The Facts About Eating Disorders Not Otherwise Specified (EDNOS)
According to DSM-IV (Diagnostic and Statistical Manual of Mental Disorders), there is a classification of disordered eating that falls outside of the criteria of anorexia, bulimia and binge eating. This category is referred to as EDNOS – Eating Disorders Not Otherwise Specified – and represents a majority of those with eating disorders.
- A person with anorexia who weights 87% of her ideal body weight (IBW) technically has an EDNOS, because the guidelines say the individual should weigh no more than 85% of IBW to be considered anorexic.
- A woman who meets the weight criteria for anorexia, but still has her period would be classified as having an EDNOS.
- A person with EDNOS who binges and purges once a week technically has an EDNOS, because the guidelines say the individual should binge and purge at least twice a week to be considered bulimic.
- A person with binge eating disorder (BED) who binges once a week technically has an EDNOS, because the guidelines say the individual should binge at least twice a week to be considered bulimic.
- A person who combines symptoms of anorexia and bulimia, but does not meet all of the medical criteria for either disease would be classified as having an EDNOS.
Walden Behavioral Care advocates a broadening of guidelines so that individuals who are classified as having an EDNOS can receive the treatment they need.
Current guidelines give those with an EDNOS an incentive to get worse, so they can receive coverage for their illness. It is difficult for those with eating disorders to achieve recovery, but the earlier treatment begins, the greater the probability of recovery.
Other Eating Disorders Not Otherwise Specified (EDNOS)
While most people with eating disorders have anorexia, bulimia or binge-eating disorder, but there are also other less common eating disorders that are classified as EDNOS. These disorders include:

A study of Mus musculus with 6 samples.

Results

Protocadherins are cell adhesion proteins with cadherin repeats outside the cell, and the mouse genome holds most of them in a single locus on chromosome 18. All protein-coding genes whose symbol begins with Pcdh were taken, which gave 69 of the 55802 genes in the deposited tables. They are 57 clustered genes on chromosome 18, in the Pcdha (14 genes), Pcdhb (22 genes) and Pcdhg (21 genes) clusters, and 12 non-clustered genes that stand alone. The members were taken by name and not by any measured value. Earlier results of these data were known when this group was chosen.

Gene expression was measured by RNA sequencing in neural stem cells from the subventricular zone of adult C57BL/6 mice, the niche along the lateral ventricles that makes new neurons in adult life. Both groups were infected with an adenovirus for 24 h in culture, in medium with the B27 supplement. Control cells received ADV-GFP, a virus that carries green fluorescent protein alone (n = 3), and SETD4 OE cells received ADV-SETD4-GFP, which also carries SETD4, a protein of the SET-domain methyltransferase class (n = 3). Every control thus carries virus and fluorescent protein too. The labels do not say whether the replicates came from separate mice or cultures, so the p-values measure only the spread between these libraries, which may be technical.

Pica is a compulsive craving for eating, chewing or licking non-food items, such things as paint chips, chalk, plaster, glue, rust, ice, coffee grounds or cigarette ashes. It is sometimes linked to deficiencies of minerals, such as iron or zinc. Pica can lead to medical conditions such as lead poisoning, malnutrition, abdominal problems, intestinal obstruction, hypokalemia, hyperkalemia, mercury poisoning, phosphorus intoxication and dental ailments.
Individuals with Prader-Willi Syndrome, which is caused by a defect in the hypothalamus, have an insatiable appetite. It can result in sleep disorders, rage, compulsive behavior and even psychoses, Physical conditions may include obesity, delayed motor development, abnormal growth, speech impairments, stunted sexual development, poor muscle tone, dental problems and diabetes type II.
Night Eating Syndrome
Those with night eating syndrome typically eat little or nothing during the morning, but binge during the evening. Resulting conditions may be the same as for binge eating, with the addition of sleep disorders.
Also known as muscle dysmorphia or reverse anorexia, individuals with bigorexia worry that they are too small and go to great lengths to increase their muscle mass. The disorder is common among body builders, whose steroid use and extreme high-protein diets can lead to kidney failure and other ailments.
Medical Impact of EDNOS
Those with Eating Disorders Not Otherwise Specified (EDNOS) suffer the same symptoms as anyone else with eating disorders. The only difference is that EDNOS sufferers may not qualify for insurance coverage, because they fail to meet the guidelines for eating disorders.
Like those who meet the guidelines for anorexia, bulimia or binge eating disorder, those with Eating Disorders Not Otherwise Specified (EDNOS) are in danger of serious medical conditions, such as osteoporosis, retarded growth, kidney problems, ulcers and heart failure. Like other eating disorders, EDNOS can lead to death.
For additional information about the impact of EDNOS, see the information on this Web site about anorexia, bulimia and binge eating disorder.
Signs of EDNOS
Helping Someone With EDNOS
If you suspect you or someone you know has EDNOS, do something about it. Seek professional counseling immediately. Call your primary care physician or an eating disorders treatment program in your area.